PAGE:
Regeneron's Schleifer, Yancopoulos set their company's ambitions sky high with $1.4B on the table in performance awards

Tuesday, January 5, 2021

Source: Endpoints News

One of the true success stories in biopharma, New York’s Regeneron has built a $51 billion market cap under the watchful eyes of co-founders and 32-year veterans Len Schleifer and George Yancopoulos. That success has made both men wealthy, even as Regeneron’s investor returns have flagged in recent years.

Regeneron’s ambitions are still sky high moving ahead — and just how much the company can capitalize on that vision could spell enormous paydays for its founders.

CEO Schleifer and CSO Yancopoulos may be due big bonuses in December 2028 after Regeneron’s board voted to rejigger their compensation to shell out one-time, performance-based awards that could reach up to $713 million for each of the execs, the drugmaker disclosed in a Tuesday filing with the SEC.


Regeneron opted to link both executives’ awards to the drugmaker’s cumulative share-price growth over five years with a three-year holding period after the performance-restricted stock units (PSU) fully vest. Previously, Schleifer and Yancopoulos were awarded tranched annual stock options that are common for C-suiters across biopharma.

The board set tiered milestones for both executives’ possible awards with a target goal of 65.6% growth on Regeneron’s most recent closing share price prior to the vote of $478.30. Hitting that number on the nose would earn both Schleifer and Yancopoulos a cool $196.5 million each.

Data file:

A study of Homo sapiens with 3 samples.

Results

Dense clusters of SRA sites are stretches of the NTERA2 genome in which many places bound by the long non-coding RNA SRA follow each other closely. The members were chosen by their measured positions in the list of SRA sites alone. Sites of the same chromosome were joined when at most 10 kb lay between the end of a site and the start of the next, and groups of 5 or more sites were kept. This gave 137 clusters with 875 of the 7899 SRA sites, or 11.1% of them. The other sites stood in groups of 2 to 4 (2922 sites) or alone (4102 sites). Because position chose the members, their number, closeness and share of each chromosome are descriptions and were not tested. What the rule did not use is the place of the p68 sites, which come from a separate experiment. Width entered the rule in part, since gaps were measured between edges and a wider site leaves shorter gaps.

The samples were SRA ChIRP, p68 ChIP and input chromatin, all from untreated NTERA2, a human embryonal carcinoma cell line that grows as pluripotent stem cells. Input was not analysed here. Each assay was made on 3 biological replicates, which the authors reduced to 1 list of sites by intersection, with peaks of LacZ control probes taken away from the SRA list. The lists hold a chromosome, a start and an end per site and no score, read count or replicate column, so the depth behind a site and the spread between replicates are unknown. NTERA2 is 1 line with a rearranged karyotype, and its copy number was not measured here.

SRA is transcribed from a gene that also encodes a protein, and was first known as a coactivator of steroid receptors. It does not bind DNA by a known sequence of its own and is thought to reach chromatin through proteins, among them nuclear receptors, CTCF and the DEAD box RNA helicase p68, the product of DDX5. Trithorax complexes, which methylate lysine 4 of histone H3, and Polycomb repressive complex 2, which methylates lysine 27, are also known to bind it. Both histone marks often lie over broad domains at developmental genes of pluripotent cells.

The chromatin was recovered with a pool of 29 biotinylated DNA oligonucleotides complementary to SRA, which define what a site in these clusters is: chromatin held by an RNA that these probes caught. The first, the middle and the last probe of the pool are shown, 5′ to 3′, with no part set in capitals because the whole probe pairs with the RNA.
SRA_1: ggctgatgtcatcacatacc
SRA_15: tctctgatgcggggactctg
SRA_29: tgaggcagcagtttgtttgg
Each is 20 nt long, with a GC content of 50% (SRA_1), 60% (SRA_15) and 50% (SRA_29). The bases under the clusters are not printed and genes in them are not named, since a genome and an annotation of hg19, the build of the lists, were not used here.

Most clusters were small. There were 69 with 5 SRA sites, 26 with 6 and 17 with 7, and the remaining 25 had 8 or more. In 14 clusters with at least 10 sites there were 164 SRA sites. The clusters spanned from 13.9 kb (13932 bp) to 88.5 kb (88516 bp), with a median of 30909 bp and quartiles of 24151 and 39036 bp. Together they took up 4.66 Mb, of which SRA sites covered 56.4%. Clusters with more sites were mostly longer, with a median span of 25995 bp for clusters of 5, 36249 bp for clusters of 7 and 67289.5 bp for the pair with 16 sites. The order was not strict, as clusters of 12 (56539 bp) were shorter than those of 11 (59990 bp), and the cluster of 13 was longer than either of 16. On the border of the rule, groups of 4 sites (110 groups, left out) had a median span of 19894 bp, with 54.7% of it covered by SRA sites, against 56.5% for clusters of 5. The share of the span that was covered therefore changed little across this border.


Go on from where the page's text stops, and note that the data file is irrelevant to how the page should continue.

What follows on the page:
On the absolute high end — 140% share growth over five years at a 19.2% annual rate — both Schleifer and Yancopoulos would be due a whopping $713.3 million each. There has never been a comparable payout for a biopharma executive, a possibility that underscores Schleifer and Yancopoulos’ remarkable run as well as their moon-eyed ambitions for their pipeline and existing portfolio.

But hitting that top-end figure, equivalent to a $1,150 share price, will take some doing as the company’s shares have traded mostly flat over the previous five years. Since July, the company’s shares have declined roughly 28% from a peak of $658.21 during the hype over of its antibody cocktail for Covid-19.

Even if Regeneron doesn’t hit the award threshold of 31.3% growth over the next five years, Schleifer and Yancopoulos can still earn half of the 248,108 PSU target figure if the drugmaker’s share price outperforms the Nasdaq Biotechnology Index by 200 basis points over that time. That would also be no easy task as the index has seen nearly 50% growth over the past five years.

Consider, though, that Regeneron’s shares sat at around $34 in January 2011 before skyrocketing to $492 five years later. Given that history, anything could be possible.

Finding a way to be sustainable year-over-year share growth will be the story of Regeneron’s near-term future as the company continues to expand its market lead for eye drug Eylea and looks to get its antibody cocktail into widespread use as a Covid-19 therapeutic.

A key player in that story will likely be immunology blockbuster Dupixent, a partnered med with Sanofi that figures to continue growing in the coming years as it racks up new indications. The drug could hit $12.5 billion in peak sales, by some analysts’ account, a significant boost from its $2.32 billion haul back in 2019.

Meanwhile, Regeneron is pursuing roughly 25 candidates in its Phase I/II pipeline to pair with its seven programs in late-stage trials. That pipeline could add the fuel to keep growing Regeneron’s share in the long term.